MSC Report Shows Sustainable Tuna Success as Global Demand Soars

As demand for canned tuna soars during the COVID-19 pandemic, the Marine Stewardship Council urges consumers to continue to choose sustainably.

Sales of certified sustainable tuna globally have more than doubled in the last five years, according to a new report published today by the Marine Stewardship Council (MSC).  

More than 54,000 tonnes of tuna were sold with the globally recognised blue MSC label in 2018/19, compared with 21,500 tonnes in 2015/16. The figures for 2019/20 are expected to be even higher1. UK sales of MSC-certified tuna products account for 11 percent of total sales. 

As demand for canned tuna continues to soar around the world, thanks to the coronavirus pandemic*, the MSC is urging both producers and consumers to continue their commitment to sustainable tuna. Published to mark World Tuna Day tomorrow (2 May), the MSC’s Tuna Handbook provides a comprehensive guide to sourcing sustainable tuna. 

“Although tuna is one of the world’s most widely consumed and popular fish, the reality is that around a third of tuna stocks remain in a fragile state,” says Bill Holden, MSC’s global tuna expert. “But the good news is that, even in these difficult times, consumers can continue to make a difference by choosing sustainably sourced seafood. By buying tuna with the blue MSC label, shoppers are playing their part in ensuring tuna stocks are secured for future generations.”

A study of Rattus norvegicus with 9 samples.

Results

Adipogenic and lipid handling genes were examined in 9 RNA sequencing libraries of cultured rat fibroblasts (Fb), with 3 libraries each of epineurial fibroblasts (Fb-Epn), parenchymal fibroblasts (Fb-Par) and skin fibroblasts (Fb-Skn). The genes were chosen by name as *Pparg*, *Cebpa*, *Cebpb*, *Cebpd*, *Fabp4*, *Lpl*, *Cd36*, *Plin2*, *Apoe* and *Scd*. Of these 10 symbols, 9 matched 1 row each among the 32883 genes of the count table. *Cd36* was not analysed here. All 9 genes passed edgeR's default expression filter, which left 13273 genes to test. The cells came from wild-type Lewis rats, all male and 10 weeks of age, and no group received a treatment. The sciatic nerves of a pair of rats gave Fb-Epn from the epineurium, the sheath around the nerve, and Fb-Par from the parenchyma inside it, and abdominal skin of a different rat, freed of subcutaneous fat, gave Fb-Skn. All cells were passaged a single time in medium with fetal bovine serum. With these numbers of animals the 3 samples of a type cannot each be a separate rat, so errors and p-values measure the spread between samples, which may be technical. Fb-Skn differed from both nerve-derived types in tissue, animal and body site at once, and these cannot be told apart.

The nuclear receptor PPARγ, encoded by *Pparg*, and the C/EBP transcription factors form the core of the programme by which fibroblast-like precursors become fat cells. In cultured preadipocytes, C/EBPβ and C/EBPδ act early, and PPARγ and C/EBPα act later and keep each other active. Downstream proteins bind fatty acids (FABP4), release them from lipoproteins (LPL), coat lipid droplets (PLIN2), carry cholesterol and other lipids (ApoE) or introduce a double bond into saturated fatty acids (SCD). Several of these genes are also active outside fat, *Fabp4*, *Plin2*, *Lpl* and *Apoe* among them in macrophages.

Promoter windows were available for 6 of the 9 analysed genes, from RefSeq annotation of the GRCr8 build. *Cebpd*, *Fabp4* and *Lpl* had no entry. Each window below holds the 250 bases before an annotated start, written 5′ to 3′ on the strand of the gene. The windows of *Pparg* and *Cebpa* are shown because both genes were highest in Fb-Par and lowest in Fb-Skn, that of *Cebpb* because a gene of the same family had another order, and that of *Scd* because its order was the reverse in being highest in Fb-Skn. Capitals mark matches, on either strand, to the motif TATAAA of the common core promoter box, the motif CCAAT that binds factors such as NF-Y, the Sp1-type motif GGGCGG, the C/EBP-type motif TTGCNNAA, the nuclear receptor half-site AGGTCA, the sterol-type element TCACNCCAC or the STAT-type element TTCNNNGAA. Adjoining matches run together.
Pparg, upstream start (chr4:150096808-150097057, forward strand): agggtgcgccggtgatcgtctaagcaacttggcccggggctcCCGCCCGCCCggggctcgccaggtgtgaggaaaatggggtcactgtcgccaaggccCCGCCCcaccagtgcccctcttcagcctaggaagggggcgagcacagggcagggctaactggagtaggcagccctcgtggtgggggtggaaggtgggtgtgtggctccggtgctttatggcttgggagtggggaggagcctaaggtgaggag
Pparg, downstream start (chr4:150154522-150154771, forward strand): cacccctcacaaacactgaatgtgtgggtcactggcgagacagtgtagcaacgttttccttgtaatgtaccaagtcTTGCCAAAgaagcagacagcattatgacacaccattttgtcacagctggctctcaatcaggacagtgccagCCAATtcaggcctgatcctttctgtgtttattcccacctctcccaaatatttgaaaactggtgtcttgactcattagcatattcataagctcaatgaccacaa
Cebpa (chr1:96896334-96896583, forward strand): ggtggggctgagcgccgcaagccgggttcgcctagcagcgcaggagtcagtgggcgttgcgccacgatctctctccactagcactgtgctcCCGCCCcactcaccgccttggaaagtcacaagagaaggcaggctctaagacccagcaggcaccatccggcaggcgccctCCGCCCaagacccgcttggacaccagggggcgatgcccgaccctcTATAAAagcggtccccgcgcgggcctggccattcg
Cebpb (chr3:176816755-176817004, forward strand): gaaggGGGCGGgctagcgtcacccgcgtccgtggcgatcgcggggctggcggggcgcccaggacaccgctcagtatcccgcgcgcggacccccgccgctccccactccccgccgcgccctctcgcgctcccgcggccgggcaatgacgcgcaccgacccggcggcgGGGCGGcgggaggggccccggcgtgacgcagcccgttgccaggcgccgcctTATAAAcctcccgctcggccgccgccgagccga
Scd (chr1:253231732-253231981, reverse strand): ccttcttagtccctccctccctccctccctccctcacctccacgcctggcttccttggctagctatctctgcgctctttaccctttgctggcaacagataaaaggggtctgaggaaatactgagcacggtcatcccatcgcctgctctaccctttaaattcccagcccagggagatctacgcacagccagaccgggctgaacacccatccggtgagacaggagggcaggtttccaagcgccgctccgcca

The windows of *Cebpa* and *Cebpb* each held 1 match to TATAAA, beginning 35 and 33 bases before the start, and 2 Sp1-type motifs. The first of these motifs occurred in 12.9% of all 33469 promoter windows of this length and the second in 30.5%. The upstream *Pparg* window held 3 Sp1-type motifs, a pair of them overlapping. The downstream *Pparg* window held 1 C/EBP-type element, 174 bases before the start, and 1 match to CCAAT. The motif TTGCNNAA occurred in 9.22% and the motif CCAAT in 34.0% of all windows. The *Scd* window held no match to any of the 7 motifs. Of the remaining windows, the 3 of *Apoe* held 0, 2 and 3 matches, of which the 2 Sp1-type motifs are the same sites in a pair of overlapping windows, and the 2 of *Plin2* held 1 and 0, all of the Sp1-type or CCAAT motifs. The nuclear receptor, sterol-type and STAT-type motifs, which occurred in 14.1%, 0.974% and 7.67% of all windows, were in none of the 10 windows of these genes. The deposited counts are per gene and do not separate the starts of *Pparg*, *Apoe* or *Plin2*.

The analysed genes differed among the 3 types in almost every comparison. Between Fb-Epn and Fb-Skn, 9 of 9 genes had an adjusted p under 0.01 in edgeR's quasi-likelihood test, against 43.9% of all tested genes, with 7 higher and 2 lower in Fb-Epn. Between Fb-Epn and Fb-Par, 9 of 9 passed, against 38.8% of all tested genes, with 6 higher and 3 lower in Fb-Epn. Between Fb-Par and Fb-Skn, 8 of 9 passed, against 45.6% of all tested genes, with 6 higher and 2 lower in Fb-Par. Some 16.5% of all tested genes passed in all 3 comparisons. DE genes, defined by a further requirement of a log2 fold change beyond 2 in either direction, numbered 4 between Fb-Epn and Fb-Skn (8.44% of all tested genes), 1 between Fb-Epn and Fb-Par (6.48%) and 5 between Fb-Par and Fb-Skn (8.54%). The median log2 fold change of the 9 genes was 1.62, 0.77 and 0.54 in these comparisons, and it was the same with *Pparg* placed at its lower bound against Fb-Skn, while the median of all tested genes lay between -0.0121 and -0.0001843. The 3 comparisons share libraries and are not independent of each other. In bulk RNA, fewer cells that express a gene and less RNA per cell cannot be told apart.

Shifts in global tuna production 


The rapid increase in global sales of MSC-labelled sustainable tuna is the result of transformations within the fishing sector. The volume of tuna caught to the MSC’s global standard for sustainable fishing more than doubled from 700,000 tonnes in 2014 to 1.4 million tonnes (28 percent of global tuna catch) in September 2019. There are now 30 MSC-certified tuna fisheries, compared with just 8 in September 2014. 

Driven by increasing retailer and consumer demand, more than 200 companies now trade MSC-certified sustainable tuna sold in 41 countries — including some of the world’s largest tuna brands, such as Petit Navire, Chicken of the Sea, John West and Genova (owned by Thai Union); Rio Mare (owned by Bolton Food), and Bumble Bee (owned by Taiwanese fishing giant FCF). In the UK, supermarkets Sainsbury’s, Waitrose and M&S have led the way and are selling the majority of MSC-labelled tuna.